This in an excerpt from this book
What we need to do is to envision the digital future of your business. Without a compelling vision of where you are going and why it is imperative, you will probably be painting race stripes on a 20 year old Chevy. What assets will be valuable in a digitally-transformed business? How can you transform customer experience? Internal operations? Your business model? How can units work differently – and work together differently – in a more connected way? Look at the media industry. It has been completely transformed by digital technology. Some are putting their toes in the water. A few have jumped in and find they aren’t drowning. They are reaping huge results.
A very familiar, important and inevitable question we need to face these days is “Is my business equipped enough to get disrupted?” The risk that the disruption can happen highly radically if you are not prepared for it beforehand.
If you do believe it could happen, it is well worth getting away from the office to consider what to do very soon to avert it. Taking the time to have a serious answer might make all the difference in success or failure three years from now.
The next question is this. If you or your company isn’t ready, what should you do about it? It is important to think through what you personally should do as opposed to what “the company” should do. You can control your plan. You can only influence the corporate approach.
The answer will set your agenda for the next six months. A change is indeed coming and it is coming thick and fast.

Transformation is occurring. It can’t be escaped. It is about how people collaborate and work. It is about the way business processes are executed. It is most certainly about how we understand our customers and obsess about the experience. It is about how we use digital technology to radically shift how we provide amazing experiences for our customers. It is radical and it is now.
Customers are in charge. That is a profound shift. At our core, do we get that shift? There is a convergence of customers being in control and our designing experiences that easily help them reach their goals. What if we don’t? They will let everyone know about it and go somewhere else. It is that simple. Do you see it coming?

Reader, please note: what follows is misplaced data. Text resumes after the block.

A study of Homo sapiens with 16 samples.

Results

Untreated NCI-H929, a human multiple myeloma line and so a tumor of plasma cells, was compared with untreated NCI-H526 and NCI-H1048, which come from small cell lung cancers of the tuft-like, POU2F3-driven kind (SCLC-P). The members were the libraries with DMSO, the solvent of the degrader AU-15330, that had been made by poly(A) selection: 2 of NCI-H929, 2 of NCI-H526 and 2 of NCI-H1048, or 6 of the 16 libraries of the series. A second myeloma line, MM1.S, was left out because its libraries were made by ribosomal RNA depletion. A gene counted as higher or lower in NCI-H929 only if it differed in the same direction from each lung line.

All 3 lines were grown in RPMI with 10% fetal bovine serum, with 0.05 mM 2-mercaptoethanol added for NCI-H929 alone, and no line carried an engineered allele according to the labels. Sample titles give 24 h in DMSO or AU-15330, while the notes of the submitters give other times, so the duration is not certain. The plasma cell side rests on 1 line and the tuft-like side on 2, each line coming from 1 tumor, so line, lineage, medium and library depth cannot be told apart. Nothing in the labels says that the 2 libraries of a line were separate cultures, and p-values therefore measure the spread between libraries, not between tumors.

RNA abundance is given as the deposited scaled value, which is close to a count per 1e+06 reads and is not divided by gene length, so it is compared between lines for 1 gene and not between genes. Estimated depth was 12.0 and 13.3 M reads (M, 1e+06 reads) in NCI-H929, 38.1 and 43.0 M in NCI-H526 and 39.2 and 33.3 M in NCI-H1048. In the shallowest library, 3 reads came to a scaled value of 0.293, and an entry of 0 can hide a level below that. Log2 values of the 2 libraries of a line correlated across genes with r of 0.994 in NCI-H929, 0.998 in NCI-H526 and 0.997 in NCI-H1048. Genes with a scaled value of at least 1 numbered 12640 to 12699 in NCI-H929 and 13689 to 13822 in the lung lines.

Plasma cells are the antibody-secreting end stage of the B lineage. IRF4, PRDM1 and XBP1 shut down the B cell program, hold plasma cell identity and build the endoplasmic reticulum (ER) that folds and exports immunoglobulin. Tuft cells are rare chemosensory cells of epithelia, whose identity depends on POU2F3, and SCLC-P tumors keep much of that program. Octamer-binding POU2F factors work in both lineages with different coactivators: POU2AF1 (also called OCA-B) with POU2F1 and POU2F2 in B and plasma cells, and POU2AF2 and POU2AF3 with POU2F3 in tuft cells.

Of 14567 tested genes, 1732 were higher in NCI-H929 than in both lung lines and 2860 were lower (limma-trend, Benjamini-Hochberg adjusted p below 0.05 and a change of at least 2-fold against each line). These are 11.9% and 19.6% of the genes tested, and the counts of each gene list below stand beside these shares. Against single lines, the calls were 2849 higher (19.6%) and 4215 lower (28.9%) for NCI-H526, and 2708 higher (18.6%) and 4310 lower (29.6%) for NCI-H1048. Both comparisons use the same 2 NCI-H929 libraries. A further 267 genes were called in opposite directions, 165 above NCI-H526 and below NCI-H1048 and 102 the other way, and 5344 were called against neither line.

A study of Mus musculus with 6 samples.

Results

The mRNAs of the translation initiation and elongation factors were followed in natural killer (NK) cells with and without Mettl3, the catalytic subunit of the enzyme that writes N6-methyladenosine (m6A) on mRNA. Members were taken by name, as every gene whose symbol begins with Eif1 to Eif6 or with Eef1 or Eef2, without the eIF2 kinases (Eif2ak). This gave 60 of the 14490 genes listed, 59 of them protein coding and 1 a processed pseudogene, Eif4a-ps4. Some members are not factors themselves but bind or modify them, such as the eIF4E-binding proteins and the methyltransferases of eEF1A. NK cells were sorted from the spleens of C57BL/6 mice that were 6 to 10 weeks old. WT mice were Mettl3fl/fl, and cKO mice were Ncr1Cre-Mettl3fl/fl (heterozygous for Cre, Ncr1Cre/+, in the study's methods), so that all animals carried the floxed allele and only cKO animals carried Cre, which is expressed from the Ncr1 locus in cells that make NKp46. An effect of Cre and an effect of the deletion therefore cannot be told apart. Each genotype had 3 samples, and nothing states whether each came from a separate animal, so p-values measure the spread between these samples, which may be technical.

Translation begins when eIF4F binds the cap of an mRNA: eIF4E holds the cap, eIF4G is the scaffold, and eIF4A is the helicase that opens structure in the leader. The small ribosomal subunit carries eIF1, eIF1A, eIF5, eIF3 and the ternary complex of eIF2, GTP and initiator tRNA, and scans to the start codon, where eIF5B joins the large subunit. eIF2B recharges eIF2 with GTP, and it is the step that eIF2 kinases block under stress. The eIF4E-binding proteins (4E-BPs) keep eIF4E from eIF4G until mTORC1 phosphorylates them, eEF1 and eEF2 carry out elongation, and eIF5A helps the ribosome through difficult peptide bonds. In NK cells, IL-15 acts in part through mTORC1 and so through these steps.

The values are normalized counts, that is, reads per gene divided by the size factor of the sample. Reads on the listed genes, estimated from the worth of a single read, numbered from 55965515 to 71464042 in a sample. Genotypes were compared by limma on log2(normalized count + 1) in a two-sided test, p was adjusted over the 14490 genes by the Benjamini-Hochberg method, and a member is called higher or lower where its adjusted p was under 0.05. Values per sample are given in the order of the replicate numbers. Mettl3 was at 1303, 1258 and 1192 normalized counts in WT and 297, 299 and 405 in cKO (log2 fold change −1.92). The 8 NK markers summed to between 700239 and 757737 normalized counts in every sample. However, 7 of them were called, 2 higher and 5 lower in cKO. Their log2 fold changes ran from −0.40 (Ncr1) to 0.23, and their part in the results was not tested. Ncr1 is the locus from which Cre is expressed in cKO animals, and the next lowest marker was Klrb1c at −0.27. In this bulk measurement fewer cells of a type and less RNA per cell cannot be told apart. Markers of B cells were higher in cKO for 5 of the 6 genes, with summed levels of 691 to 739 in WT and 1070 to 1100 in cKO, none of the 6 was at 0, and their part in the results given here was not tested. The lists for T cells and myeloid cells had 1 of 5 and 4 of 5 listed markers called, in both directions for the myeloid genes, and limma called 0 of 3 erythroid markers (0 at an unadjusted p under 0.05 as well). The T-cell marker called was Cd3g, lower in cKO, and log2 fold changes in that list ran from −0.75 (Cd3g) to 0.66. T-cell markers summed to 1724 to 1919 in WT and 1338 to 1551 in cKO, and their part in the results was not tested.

As senior managers, you alone possess the skills and resources to make it happen. You can decide to transform and survive or you cannot. No one else can make that happen. It is up to you to create the vision.
It is up to you decide who is “on the bus” and who is not. Here is the tough thing. Not all of your people and senior management gets “it”. To assume otherwise will hinder you. You need to decide who is on board and who is not. You need to get those who are not on board off the bus, as gently as you can, but as soon as possible. Delay will only hinder you and you know it.
Your desire to strive to digital maturity and make it happen is something that really matters. You need to make sure there are targets for progress, they are well known and they are met. That cannot be delegated.
Communicating the vision can’t be delegated either. It is up to you to take a stand. It is up to you to communicate it. The message needs to get through and no one else can do it. Do develop a serious communication plan. Make sure that it is followed.
You have to decide that monitoring engagement with the vision is measured. If you don’t decide that, who else will? You have to decide to iterate the vision, goals and strategies. You have the starting point but others will add and enhance what you start with. Setting up an iterative process gains commitment and value. Just remember to not let people wander off into infertile territory.